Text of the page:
Public Engagement: Beautifully messy
By Imagining America | September 14, 2016
By LB Hannahs, a Ph.D. student in Higher Education Administration at the University of Florida and a 2016–2017 Publicly Active Graduate Education (PAGE) Fellow. This PAGE Blog Salon explores themes of intersectionality and public scholarship, important topics of the upcoming Imagining America national conference, Oct. 6-8, 2016, in Milwaukee, WI.
Public engagement and scholarship is the work of addressing the very real, and sometimes very messy, parts of the human experience. The notion of success and failure sets up a false dichotomy that doesn’t recognize that any endeavor aiming to address a human issue must be allowed to exist in the messy overlap of success and failure. There is rarely going to be a cut and dry capture of success, because often this works comes at the cost of something, or someone, else. The successful engagement of public scholarship requires an acknowledgement of this, while challenging the academy’s oversimplification of success. This oversimplification often comes at the expense of those we are serving. Successful public engagement is constantly trying to address those complexities of life with the utmost care and responsibility to those most marginalized, while simultaneously negotiating the privilege we have as scholars. By studying strategic diversity plans and organizational decision-making, my research attempts to better understand administrative and institutional approaches to diversity initiatives. I hope to contribute to the body of work developing policy and practices to make deep change for historically marginalized people on college campuses.
In my former professional position, as Director of LGBT Affairs at the University of Florida, I had the privilege of being in a job that required me to evaluate my positionality on a daily basis. I am a white, trans-masculine genderqueer, blue-collar born but transitioning to middle class, queer, able-bodied, documented US citizen, and a new parent. I am all of those identities wherever I go and they shape how I physically, emotionally, and intellectually show up in the world. Being super conscious of these identities and the way I exist in the world has made these last two years as a part-time student a very lonely journey. I know as a white, trans-masculine presenting person I am given legitimacy and credibility that a colleague of color who is trans-feminine would not be given. I also know that because my personal is political, my personal is professional. While this enmeshment of identity is challenging, it opens up the opportunity for authenticity and vulnerability as part of my professional life.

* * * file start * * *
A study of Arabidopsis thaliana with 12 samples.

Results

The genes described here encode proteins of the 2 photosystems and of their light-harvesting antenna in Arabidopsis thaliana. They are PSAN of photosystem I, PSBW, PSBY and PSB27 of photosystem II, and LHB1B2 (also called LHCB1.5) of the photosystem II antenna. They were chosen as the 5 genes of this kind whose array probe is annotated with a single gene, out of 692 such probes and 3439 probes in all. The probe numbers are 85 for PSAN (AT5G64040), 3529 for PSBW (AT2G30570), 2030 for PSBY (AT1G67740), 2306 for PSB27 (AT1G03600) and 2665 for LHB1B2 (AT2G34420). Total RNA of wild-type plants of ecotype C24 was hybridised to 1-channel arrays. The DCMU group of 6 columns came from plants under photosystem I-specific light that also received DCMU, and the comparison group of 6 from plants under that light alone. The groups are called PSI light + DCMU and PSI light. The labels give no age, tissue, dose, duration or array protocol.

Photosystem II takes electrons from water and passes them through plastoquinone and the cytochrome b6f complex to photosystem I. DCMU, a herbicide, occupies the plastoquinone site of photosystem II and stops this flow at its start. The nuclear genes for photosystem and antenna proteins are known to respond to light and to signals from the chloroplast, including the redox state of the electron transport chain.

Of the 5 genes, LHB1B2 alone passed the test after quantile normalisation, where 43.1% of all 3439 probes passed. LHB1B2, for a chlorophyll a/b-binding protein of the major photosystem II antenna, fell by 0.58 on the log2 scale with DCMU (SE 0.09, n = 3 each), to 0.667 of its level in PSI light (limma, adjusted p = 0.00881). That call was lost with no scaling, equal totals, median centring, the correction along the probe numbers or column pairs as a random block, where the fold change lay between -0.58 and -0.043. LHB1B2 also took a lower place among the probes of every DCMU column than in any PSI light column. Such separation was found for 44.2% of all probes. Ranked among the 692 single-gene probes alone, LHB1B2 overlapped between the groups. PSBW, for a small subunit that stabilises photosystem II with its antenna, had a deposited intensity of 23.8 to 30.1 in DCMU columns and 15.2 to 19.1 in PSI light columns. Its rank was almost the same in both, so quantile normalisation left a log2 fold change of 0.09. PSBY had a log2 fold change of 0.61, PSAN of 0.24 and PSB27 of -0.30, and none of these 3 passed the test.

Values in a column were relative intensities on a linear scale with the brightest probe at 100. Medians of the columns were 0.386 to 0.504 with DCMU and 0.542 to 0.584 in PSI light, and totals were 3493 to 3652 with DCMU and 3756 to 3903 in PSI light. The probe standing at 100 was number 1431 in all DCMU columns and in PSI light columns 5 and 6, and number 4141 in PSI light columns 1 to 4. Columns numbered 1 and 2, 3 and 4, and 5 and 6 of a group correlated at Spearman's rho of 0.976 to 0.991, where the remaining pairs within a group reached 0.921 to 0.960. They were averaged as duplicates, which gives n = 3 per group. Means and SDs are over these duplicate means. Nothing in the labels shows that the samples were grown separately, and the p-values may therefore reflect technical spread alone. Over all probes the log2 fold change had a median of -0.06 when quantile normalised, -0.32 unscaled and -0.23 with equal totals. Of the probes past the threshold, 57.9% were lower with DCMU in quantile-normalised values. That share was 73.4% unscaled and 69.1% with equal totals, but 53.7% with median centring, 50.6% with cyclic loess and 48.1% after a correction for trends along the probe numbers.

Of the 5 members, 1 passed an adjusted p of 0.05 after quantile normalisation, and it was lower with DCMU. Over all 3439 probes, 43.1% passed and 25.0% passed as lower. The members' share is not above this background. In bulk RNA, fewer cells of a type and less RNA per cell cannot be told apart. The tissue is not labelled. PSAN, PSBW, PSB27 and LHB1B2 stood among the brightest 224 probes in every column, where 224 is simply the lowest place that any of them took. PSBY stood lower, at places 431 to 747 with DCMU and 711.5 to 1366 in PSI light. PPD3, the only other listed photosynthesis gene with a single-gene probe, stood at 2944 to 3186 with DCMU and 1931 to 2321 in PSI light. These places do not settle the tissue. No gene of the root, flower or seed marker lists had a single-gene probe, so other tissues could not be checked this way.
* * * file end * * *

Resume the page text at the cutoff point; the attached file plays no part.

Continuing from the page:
For the past five years I have been building relationships and support systems, developing curriculum and workshops, and advocating for underrepresented students as a diversity professional and social justice educator. I am immensely proud of this work, but there is a strong pull to collaborate and be part of an organization like Imagining America, I believe it’s what I need to challenge me to be a better advocate, a better change agent. I am humbled to be a PAGE scholar and am eager for this experience to help me develop as a scholar, practitioner, and as a person.